2008 Joint Meeting of The Geological Society of America, Soil Science Society of America, American Society of Agronomy, Crop Science Society of America, Gulf Coast Association of Geological Societies with the Gulf Coast Section of SEPM

Paper No. 4
Presentation Time: 9:05 AM

Sand Seas and Dune Fields of the World. A Digital Atlas

LANCASTER, Nick, Desert Research Institute, 2215 Raggio Parkway, Reno, NV 89512, nick@dri.edu

Sand seas and dune fields contain the majority of aeolian sand in arid and semi-arid areas in low and mid latitudes. Their construction has been influenced by climatic, tectonic, and sea level changes that have affected sand supply, availability, and mobility, as well as the preservation of deposits and landforms from prior episodes of aeolian construction. Sand seas and dunefields therefore provide an archive of the effects of climate change in arid regions including unique data on past wind directions. Understanding the history of sand seas and dunes has been revolutionized in recent years by the application of luminescence techniques to directly date periods of dune formation and/or reactivation.

Despite their significance and wide geographical extent, there is no complete and accurate global map of these dune fields, although the location and general extent of individual sand seas and dune fields are depicted in many publications. An increasing number of local and regional studies using OSL dating has taken place in recent years, so providing the possibility to develop regional and multi-regional chronologies of periods of dune formation and understand how they have responded to Quaternary changes in climate and sea level, manifested by changes in sediment supply, availability, and mobility.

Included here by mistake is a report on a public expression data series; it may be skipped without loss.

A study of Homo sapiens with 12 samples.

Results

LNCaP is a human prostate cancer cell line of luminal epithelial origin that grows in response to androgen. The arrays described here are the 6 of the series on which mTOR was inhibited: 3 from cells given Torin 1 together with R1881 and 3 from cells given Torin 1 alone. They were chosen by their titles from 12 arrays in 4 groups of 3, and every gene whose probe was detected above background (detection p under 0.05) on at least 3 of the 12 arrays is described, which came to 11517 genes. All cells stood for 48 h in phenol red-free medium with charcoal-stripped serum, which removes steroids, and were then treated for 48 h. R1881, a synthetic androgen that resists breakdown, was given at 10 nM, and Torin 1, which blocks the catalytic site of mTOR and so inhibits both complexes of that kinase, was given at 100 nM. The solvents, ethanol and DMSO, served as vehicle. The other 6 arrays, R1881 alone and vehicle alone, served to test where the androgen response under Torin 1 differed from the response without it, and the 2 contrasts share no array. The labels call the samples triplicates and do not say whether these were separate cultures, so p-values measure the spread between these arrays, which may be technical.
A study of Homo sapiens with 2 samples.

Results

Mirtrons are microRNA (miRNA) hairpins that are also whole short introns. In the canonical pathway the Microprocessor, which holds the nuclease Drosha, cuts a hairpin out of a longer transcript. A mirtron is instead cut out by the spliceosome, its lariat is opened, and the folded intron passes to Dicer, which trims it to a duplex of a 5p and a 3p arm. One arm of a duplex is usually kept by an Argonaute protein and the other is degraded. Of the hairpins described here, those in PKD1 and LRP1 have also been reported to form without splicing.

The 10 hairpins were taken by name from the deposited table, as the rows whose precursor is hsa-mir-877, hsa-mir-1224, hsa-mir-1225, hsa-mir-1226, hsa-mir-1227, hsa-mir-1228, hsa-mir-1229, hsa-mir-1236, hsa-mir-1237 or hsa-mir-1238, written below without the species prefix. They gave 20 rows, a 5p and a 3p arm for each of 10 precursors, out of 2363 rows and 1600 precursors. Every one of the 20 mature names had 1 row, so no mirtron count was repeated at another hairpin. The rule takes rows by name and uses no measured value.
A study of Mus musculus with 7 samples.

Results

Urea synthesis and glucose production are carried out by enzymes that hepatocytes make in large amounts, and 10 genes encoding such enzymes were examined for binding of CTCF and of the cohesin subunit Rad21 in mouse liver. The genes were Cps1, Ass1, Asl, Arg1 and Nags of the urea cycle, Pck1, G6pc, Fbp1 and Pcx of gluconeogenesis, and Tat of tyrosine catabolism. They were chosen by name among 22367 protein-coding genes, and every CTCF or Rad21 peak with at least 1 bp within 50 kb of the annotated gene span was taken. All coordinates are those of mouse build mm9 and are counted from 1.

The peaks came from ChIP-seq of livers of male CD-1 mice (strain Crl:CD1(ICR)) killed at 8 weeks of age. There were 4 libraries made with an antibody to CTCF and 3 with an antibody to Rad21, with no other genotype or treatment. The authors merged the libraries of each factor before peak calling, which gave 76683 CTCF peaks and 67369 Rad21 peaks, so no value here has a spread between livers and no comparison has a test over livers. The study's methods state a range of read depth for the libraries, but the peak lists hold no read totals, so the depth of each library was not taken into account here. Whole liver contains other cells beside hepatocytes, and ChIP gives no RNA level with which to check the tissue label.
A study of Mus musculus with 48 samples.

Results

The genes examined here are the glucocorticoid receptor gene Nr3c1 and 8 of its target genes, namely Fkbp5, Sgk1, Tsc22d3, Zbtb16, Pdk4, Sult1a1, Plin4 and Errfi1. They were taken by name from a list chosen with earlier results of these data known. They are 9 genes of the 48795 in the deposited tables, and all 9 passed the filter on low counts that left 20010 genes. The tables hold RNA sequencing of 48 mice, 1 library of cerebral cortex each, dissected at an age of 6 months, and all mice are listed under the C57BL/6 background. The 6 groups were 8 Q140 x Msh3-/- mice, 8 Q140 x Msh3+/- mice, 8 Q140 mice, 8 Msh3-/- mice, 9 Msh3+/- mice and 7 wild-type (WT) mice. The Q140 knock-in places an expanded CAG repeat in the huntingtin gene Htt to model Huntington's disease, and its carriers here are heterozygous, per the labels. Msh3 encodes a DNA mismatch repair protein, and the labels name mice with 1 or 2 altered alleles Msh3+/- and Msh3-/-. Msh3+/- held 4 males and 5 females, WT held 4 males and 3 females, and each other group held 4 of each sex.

To address these issues, we are developing a community based global database of geographically accurate maps of individual desert and other inland dunefields and sand seas using GIS methods. Information on the database is at: http://www.dees.dri.edu/Projects/Dune_Atlas/

The map database incorporates information on dune morphology, including dune trends, dune stratigraphy, and dune chronology, so enabling regional and global correlation of periods of dune formation via construction of time-slice maps of dune development and extent. These compilations will be available for regional and global paleoclimate reconstructions using gridded data, and will include data on dune trends for paleowind assessments.